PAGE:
Late to the conversation, but a few thoughts…
As far as the 'blur' of the photos is concerned.
For starters it has to be kept in mind that Capa was probably shooting with 25 or 50 asa film.
Sunny 16 rule:
Bright sunlight, blue sky
100asa f16 @ 1/100 - 1/125th
50asa f16 @ 1/50th - 1/60th
25asa f16 @ 1/25th - 1/30th
Unless you are standing still or shooting a static subject it is basically impossible to produce an action picture that is NOT affected by motion blur with these settings.
The morning of June 6 was overcast and it was raining, so the exposure settings listed above are optimistic at best.
Now imagine you are wading through hundreds of feet of waist deep surf, while trying to dodge a hailstorm of bullets being directed at you and the world around you is on fire.
Try making a sharp photo running down your driveway or the next time you're at the beach @ 1/30th. Even just the act of moving forward is going to blur the picture with such slow shutter speeds. Extra bonus points for doing the test while someone is shooting at you with an MG42 putting out 1200 rounds a minute and your hands are shaking uncontrollably from fear.
Have Coleman, J. Ross Baughman (photographer), Rob McElroy (photo historian) taken these technical details into consideration? Aren’t they photographers themselves? I ask, because quite frankly trying to guess Capa’s exposure settings and film speed was one of the first things that shot through my head the first time I saw these photos many years ago.
The Missing Frames:
Here's a crazy idea. Maybe in the heat of the battle Capa forgot to take the damn lens cap off the second Contax (which he supposedly unpacked on the beach) and didn't notice it, until he got many shots into the roll. Sounds ridiculous, but anyone who shoots a rangefinder has done this. Now imagine you are in the middle of the opening scene of 'Saving Private Ryan’. That's a perfectly valid explanation for there being no trace of pictures on the head of the roll. According to the Peta Pixel article the first of the 'magnificent’ 11 shots is frame 29 on the roll…
The odd looking Negatives:
- Contax cameras were not weather sealed. Considering the circumstances it is hard to believe that Capa somehow managed to keep his cameras perfectly dry. If water entered the cameras it would have affected the film.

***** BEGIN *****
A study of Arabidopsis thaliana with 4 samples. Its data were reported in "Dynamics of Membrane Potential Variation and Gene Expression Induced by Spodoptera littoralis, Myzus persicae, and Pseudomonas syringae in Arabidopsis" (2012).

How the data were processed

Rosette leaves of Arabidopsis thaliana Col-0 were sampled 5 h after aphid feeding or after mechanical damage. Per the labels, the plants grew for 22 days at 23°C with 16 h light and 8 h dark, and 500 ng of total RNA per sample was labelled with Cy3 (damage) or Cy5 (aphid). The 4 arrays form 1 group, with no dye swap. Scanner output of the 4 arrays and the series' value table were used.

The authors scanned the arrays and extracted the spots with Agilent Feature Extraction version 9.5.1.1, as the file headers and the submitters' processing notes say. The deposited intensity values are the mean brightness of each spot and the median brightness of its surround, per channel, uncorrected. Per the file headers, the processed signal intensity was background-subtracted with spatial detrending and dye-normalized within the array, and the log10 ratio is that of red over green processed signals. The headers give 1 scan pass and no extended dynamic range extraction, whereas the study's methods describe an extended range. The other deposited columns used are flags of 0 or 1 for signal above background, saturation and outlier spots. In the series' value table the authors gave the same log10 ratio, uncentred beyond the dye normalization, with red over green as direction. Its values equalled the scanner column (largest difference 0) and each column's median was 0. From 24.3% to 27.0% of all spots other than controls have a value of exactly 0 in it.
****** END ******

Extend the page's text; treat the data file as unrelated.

- If the film got wet or soaked it may have damaged the emulsion. Saltwater is more caustic than tap water. The film would have also been wet for many hours while being transported from Normandy to London, which could have affected the emulsion.
If the film became soaked with sea water, did the salt react with the developer or fixer and damage the roll?
The film looks poorly developed to me.
- Notice the streaks coming from the top to the bottom on several of the frames . This is a typical symptom of insufficient agitation during development. I’ve heard of it referred to as 'bromide drag, which is a common problem with stand development. The streaks could also be the result of a light leak. Or it can also happen if the film is not properly threaded on the developing reel and sticks together.
- Perhaps the film got stuck together during development, destroying several frames.
- Has anyone ever spoken to Kodak or Ilford if the theory of the emulsion ’sliding’ is even remotely valid?
A simple post on APUG, which has several former Kodak engineers as members would clear that question up very quickly.
When I lived in London I had the honor of encountering Mr. John G. Morris on a handful of occasions. Obviously I was merely a stranger to Mr Morris and not a friend like Bill, so these are just my observations and impressions.
When I visited the Greta Taro exhibit at the Barbican it was attended by John G. Morris and Irme Schaber, who had written a biography on Taro. I may have also encountered Mr Coleman at the show. At one point there was a sharp exchange of words between Mr. Morris and the man who may have been Mr Coleman, regarding Capa and the D-Day events. It was impressive to see a man, who at that time was in his late 90’s still display such fire and vigor, because Mr. Morris did not take these accusations lightly. Obviously this is a very long running dispute.
Personally here’s how I see it.
To me the only thing that matters is the simple fact that Robert Capa aka Endre Friedmann had the guts to land on that beach that morning, somehow managed to take a few pictures and made it back alive. A claim that thousands on both sides were unable to make that day. Anything beyond that is splitting hairs and few of us are in any position to judge him.
Yes, I would like to know what happened to the rest of the negatives, mainly because they represent lost glimpses into history; not because I want to pursue some wild conspiracy theory. Judging by the tone of Coleman's article, this smells like a personal vendetta that has been a life long pursuit.
Capa was never one to shy away from making a good personal story, a better personal story by adding a little window dressing. But by all accounts he wasn’t a blow hard, who inflated his deeds to make himself out to be some sort of war hero with a chest full of medals he didn't earn. Capa was many things, but I’ve never head anyone describe him as a phony.
I have two relatives who were in Normandy and possibly took part in the landings. They had some horrific experiences, that they rarely or never brought up. My uncle Andy would only tell the funny stories from his ‘all expense paid vacation in France’. These stories were a variant of the truth, that has been made more entertaining with the addition of a few choice details. But these embellishments didn’t change the underlying truth. Sometime I wonder if it was my uncle’s way of dealing with what he had experienced. Maybe the same held true for Capa. Yes, he was a master of self promotion, but also a man who was tormented by his experiences.